The Banhez Cooperative is committed to making mezcal sustainably using artisanal techniques. Earthen wood-fire ovens lined with local river stone, tahonas pulled by horses, natural fermentation and small-batch distillation define the life’s work of the mezcaleros.
Step 1: GROW
It begins with only a small seed. The families who plant the agave have known this land for centuries and take great care to ensure the fields are natural and grown organically. This semi-cultivated method encourages wild plants, bats, insects and birds to populate the fields, keeping the crop healthy and leaving a unique flavor impression.
STEP 2: HARVEST
An agave reaches maturity just once in its lifetime. To harvest the plants, first the Mezcaleros cut the Quiote, wait, then trim the outer leaves and unearth the heart of the plant, the piña.
STEP 3: ROAST
The cut piñas are split and then roasted in earthen pits lined with river stones. After the stones are heated by a wood-fire, the piñas are loaded in, covered with shredded dried agave pulp from previous harvests and roasted any where from three to seven days depending on the temperature and humidity and the desired flavor outcome.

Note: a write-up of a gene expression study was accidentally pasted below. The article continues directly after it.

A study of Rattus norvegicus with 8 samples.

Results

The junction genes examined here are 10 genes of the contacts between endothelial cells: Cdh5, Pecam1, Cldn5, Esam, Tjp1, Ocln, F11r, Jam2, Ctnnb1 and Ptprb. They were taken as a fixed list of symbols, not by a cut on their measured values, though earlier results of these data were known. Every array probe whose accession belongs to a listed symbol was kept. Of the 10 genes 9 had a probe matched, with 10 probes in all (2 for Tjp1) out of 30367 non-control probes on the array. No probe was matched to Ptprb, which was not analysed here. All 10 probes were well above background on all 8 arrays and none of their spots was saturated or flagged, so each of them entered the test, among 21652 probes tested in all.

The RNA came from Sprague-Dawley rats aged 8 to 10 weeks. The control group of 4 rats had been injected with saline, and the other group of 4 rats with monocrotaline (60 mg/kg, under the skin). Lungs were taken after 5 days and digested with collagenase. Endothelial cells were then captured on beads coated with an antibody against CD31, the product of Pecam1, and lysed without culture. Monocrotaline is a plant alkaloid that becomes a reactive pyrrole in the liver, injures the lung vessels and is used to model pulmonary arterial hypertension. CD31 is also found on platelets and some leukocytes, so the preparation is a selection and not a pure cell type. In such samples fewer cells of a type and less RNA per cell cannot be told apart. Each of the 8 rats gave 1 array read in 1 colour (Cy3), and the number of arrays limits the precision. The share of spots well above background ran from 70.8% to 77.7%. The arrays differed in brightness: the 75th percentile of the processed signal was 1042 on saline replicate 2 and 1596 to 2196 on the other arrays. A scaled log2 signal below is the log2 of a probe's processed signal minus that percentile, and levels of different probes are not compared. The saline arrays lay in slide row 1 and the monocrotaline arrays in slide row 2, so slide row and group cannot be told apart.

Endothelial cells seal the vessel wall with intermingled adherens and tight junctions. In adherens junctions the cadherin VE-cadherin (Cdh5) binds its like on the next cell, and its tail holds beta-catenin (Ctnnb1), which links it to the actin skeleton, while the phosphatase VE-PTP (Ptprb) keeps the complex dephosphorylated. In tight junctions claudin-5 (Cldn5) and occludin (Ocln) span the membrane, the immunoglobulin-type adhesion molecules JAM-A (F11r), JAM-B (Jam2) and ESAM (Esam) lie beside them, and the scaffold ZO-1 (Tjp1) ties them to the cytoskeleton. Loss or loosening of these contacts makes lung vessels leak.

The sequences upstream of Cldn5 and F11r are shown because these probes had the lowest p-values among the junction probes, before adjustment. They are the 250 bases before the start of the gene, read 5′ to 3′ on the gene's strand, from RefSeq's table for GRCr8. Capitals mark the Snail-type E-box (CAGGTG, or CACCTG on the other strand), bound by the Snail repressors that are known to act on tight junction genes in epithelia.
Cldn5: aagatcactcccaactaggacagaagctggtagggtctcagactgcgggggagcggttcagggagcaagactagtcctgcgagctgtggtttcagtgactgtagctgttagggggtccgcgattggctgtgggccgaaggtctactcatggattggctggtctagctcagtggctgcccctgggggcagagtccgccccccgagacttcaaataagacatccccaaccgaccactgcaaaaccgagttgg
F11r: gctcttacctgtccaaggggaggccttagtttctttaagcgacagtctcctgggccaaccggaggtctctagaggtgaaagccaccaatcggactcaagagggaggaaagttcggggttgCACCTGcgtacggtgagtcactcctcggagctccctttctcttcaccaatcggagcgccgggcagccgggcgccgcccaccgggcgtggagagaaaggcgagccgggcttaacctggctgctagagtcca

STEP 4: CRUSH
After the roasted piñas have cooled, they are chopped into smaller pieces and placed into the tahona. The giant stone wheel is pulled by horse or donkey, crushing the piñas to prepare them for fermentation.
STEP 5: FERMENT
As the piñas are broken down into a mash, the agave shreds are moved to open air wooden fermentation tanks, where they are covered with water and left to rest for approximately one week. During this time, wild yeasts and microbes from the agave, the wooden vessel, and the surrounding Palenque will turn the natural sugars into alcohol and contribute flavor.
STEP 6: DISTILL
Once the fermentation process is completed, the mash and liquid is moved to the wood-fired copper alembics (stills) to filter and refine the alcohol. After the first distillation, the liquid is drained and the mash removed. All expressions of Banhez are distilled two times. Each small batch is crafted with careful attention to preserve the unique flavors of the region.
STEP 7: BOTTLE
Banhez is bottled and labeled by hand in Ejutla. Every hand in the process – from caring for the agave plants to labeling the bottle– is a member of the Banhez Cooperative.
STEP 8: REPLANT
Because of the length of time for most agave to reach maturity (the youngest agave used in Banhez is seven year old Espadín), it is important to sow more agave plants than we harvest and continue the cycle. Growth, harvest, roast, crush, ferment, distill, bottle and drink!